Renowned anthropologist Clifford Geertz once used the work of Gilbert Ryle to describe how one action (a wink) that seems to mean one thing can in fact have multiple meanings depending on the intentions and social cues of the person who performs it and the person (or people) interpreting and receiving it. When two boys are “rapidly contracting the right eyelids of their right eyes” is it a wink or a twitch? Is it a socially significant communication or a inconsequential bio-physical reaction? It takes an ethnographer’s “thick description” to tease out meaning of such subtle signs.
What does “thick description” look like in studying online communities? Is it even possible? Are there parallels between winks and twitches an
d “likes” and “comments” on Facebook?
Sometimes the boundaries between social media and the world around us are blurred, uncontrollable, and bridged by instantaneous interaction. For some, it is evidence of the cumbersome character of social media and perhaps the inability to navigate its intricate interactional lattice. For others, it is a situation replete with opportunity and intimating more opportunities for rich ethnographic research.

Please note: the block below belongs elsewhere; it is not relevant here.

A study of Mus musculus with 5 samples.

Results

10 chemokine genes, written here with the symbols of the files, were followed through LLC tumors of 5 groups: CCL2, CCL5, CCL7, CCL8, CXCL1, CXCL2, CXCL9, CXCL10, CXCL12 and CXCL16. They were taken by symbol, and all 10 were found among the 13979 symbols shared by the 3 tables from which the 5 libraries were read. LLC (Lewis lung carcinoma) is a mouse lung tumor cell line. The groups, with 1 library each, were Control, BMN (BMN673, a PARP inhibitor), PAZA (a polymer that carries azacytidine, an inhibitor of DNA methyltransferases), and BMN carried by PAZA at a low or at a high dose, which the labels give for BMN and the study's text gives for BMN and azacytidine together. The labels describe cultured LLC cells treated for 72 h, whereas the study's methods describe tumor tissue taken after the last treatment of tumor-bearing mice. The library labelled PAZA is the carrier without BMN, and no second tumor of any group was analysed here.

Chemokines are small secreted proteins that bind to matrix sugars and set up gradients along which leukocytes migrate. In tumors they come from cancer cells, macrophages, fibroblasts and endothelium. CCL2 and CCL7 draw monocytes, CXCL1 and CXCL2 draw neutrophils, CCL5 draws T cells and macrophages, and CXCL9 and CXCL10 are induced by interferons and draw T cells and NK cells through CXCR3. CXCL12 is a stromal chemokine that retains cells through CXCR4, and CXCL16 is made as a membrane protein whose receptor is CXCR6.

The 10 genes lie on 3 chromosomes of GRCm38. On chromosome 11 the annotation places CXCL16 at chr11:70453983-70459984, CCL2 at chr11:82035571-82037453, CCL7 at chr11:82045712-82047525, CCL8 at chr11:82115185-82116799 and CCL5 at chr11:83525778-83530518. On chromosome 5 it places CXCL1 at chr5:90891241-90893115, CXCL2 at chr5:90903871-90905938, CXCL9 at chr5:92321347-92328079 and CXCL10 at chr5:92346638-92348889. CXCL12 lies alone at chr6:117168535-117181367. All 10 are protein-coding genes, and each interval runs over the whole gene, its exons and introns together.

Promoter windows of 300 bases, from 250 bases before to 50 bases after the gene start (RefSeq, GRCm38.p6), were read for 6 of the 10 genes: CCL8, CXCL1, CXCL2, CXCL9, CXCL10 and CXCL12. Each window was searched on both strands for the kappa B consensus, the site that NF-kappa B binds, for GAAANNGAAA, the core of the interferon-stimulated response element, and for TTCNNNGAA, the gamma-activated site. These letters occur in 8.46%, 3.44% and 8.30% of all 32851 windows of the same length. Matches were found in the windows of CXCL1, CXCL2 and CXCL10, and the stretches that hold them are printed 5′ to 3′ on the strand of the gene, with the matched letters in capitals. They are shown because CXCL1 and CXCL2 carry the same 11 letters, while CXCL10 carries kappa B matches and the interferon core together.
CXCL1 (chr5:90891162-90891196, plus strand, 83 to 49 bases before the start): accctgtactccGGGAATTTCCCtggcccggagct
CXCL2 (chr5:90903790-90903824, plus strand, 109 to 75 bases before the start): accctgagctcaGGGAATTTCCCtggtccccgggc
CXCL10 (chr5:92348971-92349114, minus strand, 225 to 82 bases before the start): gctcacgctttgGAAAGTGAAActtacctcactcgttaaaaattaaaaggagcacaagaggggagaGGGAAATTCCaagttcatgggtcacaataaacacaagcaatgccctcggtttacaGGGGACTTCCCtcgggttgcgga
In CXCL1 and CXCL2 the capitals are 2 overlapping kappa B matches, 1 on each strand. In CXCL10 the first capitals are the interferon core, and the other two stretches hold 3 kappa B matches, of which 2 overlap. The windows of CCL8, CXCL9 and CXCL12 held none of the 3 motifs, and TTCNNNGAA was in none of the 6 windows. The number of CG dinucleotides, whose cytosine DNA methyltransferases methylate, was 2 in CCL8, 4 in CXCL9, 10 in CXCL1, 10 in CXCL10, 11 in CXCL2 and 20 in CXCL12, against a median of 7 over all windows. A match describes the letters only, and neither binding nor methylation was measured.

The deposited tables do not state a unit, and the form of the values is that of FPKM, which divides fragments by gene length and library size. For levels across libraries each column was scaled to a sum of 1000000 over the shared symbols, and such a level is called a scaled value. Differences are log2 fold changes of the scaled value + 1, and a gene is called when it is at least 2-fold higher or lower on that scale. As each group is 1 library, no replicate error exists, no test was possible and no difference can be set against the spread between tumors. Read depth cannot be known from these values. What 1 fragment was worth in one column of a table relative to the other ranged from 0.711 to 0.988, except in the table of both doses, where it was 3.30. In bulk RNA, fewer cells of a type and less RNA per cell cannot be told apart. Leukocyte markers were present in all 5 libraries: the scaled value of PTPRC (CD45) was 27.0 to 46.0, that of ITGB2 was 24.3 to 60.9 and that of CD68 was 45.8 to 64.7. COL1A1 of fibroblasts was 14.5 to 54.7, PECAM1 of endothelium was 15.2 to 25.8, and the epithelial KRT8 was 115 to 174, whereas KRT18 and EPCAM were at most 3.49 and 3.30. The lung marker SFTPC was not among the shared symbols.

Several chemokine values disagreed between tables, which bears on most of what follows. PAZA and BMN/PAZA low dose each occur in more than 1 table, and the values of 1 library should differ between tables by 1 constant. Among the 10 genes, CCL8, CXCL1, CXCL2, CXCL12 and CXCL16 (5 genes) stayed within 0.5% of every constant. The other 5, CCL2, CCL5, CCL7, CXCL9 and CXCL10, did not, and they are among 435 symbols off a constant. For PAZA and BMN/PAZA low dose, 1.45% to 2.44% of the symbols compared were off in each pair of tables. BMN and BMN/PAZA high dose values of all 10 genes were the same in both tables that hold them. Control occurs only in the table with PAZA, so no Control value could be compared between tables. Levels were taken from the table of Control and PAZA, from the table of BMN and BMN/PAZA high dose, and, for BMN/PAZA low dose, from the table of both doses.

Thus, it is vital that ethnographers, anthropologists, and other social scientists, seeking to apperceive the interplay and flow of meanings in various social spaces — online and off — appreciate social media as a viable field of study, recognize the theory at work in social-media based ethnographies, and also construct a viable approach that takes into consideration the various idiosyncrasies and mixed curses/blessings that each form of social media provides.
The studies of “virtual ethnographies” and social-media based ethnographies are emerging subfields. Since the publication of Christine Hine’s Virtual Ethnography fourteen years ago (a virtual lifetime in the digital age) the field has undergone various revisions and updates as the digital world continues to shift and advance, presenting new opportunities and challenges for researchers’ method and theory.
This session will discuss the viability and best-practices for “internet related ethnography” as participants discuss their own experiences and share fresh perspectives on what it looks like to do “internet-based ethnography” well. The hope is that the discussion will touch on theoretical foundations and a confab on several social-media portals that can provide launching off points and areas for further research.